Defining Due Diligence

Defining Due Diligence

by John Murray PhD, Research Director, Linqto Inc.

The Linqto team explains and defines Due Diligence, as it pertains to the field of private investing.

When individual stock market investors need to seek out dependable information about publicly-traded securities, many will turn to traditional business media like Dow Jones or Morningstar, or ratings agencies like Moody’s or Standard & Poors, to aid in their investment decisions. Similarly, investors in mutual funds often rely on the individual fund management and marketing firms, as well as financial newsletters, podcasts, and the like, to provide pertinent background and performance data.

In most countries, authorized financial advisors and broker/dealers must be licensed and well-informed about prevailing regulations before offering their services to investor clients. In the same way, publicly-traded companies are also required to conform to numerous industry regulations, such as restrictions on insider trading.

However, when it comes to investing in privately-held companies, all — well, most — bets are off, and more careful analysis of each individual company is generally necessary. Sharp-eyed viewers of business reality TV shows like Shark Tank or Dragon’s Den will notice some clarification and disclaimer text during the closing credits, which typically indicates that the on-camera deals are subject to contract negotiations and appropriate due diligence.

What is Due Diligence (DD)?

Webster’s Dictionary defines DD as “comprehensive research and analysis of a company done in preparation for a business transaction, such as a corporate merger or purchase of securities by investors.”

Venture capital firms and angel investor groups usually carry out their own due diligence and/or rely on prior investor DD work, which should be updated as the business develops and evolves. To support this process, companies soliciting investments in private capital markets generally provide investors with access to a broad range of corporate documents and financial reports via an online database, frequently referred to as a data vault or deal room.

The organization of deal room resources varies considerably from company to company, but typically includes many of the following categories of information: management team and board members; corporate structure and financing history; technologies and products, including patents and trademark information; business and revenue models; and marketing plans, such as sales partnerships, etc.

In addition to reviewing these documents and analyzing the data provided, a due diligence team will often compile checklists of topics to be addressed by the company. Such lists may include specific requests for materials like finance reports, tax returns, credit ratings, proof of insurance coverage, as well as business agreements and contracts, employee relations matters, property owned/rented, licenses and permits, litigation issues if any, and regulatory compliance required.

Usually, investors are also keen to understand the broader ecosystem surrounding a company, including marketplace competition and alternative approaches, as well as potential exposures to risk from vendors, service providers, and supply chain problems.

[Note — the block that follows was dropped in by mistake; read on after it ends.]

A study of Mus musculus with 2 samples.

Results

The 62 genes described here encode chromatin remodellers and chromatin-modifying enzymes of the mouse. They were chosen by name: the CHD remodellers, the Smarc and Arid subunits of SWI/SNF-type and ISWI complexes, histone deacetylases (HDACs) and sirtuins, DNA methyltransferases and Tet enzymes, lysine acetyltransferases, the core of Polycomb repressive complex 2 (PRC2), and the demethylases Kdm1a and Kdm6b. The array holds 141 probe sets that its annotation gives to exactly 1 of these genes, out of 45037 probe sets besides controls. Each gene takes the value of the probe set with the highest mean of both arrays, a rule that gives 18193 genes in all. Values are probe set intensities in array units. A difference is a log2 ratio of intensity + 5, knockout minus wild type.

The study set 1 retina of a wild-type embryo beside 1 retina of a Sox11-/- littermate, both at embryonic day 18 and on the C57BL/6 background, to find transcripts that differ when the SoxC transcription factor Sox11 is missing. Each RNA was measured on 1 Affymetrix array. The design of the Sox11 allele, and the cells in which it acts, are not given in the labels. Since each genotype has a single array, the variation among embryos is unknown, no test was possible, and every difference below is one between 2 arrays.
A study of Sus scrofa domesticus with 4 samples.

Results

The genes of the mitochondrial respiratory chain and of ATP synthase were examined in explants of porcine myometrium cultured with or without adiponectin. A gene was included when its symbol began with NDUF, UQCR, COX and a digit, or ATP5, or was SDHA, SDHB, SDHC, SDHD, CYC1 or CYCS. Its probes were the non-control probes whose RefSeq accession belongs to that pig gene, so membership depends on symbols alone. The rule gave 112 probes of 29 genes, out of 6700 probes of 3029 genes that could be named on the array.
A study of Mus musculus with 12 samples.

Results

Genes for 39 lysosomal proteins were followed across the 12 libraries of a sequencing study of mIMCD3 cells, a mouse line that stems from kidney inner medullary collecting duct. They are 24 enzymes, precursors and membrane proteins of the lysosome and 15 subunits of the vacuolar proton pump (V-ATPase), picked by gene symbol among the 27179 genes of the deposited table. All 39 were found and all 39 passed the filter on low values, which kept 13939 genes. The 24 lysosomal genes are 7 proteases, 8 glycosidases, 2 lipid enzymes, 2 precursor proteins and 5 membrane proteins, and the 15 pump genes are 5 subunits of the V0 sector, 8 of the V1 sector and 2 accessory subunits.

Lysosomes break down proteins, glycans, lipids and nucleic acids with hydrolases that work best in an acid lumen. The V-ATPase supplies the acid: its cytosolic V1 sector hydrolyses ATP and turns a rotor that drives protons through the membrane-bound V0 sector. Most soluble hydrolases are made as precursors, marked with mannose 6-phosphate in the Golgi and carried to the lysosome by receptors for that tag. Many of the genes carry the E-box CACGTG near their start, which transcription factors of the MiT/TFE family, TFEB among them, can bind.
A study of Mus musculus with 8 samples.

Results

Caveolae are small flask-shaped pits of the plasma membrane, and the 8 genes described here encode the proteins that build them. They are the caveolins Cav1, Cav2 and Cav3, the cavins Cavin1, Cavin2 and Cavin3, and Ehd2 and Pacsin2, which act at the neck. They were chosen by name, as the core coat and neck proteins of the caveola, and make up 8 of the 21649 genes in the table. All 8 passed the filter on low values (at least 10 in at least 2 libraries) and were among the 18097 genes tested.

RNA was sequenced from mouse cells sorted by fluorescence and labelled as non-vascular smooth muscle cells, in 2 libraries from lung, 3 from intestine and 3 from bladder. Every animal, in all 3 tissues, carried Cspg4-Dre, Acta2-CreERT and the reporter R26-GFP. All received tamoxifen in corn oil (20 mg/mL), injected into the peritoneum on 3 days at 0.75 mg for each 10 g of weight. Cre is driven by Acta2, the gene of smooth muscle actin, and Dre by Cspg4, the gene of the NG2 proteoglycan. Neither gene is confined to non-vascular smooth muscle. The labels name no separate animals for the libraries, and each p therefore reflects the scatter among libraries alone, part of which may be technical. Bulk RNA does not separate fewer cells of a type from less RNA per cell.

Accreditation of Investors

As a further protection for the general public, financial regulations in most countries mandate limitations on access to deal documents and fundraising information. The idea is to restrict participation to potential backers and sponsors who are sufficiently well-informed or affluent enough to handle the possibility of losing most or all of their investment.

In the United States, the designation of accredited investor has long been restricted to individuals whose net worth is at least $1M, aside from the value of their home, or an annual income of at least $200K. The result is that individual investors who do not meet these criteria have been denied the opportunity to invest in private markets, regardless of their level of financial sophistication.

Fortunately, a recent update to the Securities and Exchange Commission (SEC) regulations provides another route to gain accredited investor status. With these changes, interested individuals can now gain accreditation based on defined measures of professional knowledge, experience or certifications, independently of their income or net worth. Of particular interest in this respect is the Uniform Investment Adviser Law Examination (Series 65), which is administered by the Financial Industry Regulatory Authority (FINRA). The Series 65 test can be taken by anyone, and enables successful candidates to become registered advisers without the need for an employer sponsorship.

This provides an entryway to the investing ecosystem for those who merely lack sufficient monetary resources to qualify. Successfully completing the Series 65 exam requirements enables financially savvy individuals to access a company’s deal room documents and provides them with the basic knowledge to undertake their own due diligence analysis.

Linqto offers complimentary Investor Accreditation as part of our platform. To learn more, please visit our website.

Linqto’s platform is helping to democratize access to private markets. Linqto enables accredited investors to invest in pre-IPO unicorn companies in a matter of minutes using our App or web browser. We invite you to register on the Linqto website. You can also register on our free app on your Apple or Android device.

Bibliography:

Press Release: SEC Modernizes the Accredited Investor Definition. US Securities & Exchanges Commission, 26 Aug. 2020, www.sec.gov/news/press-release/2020-191.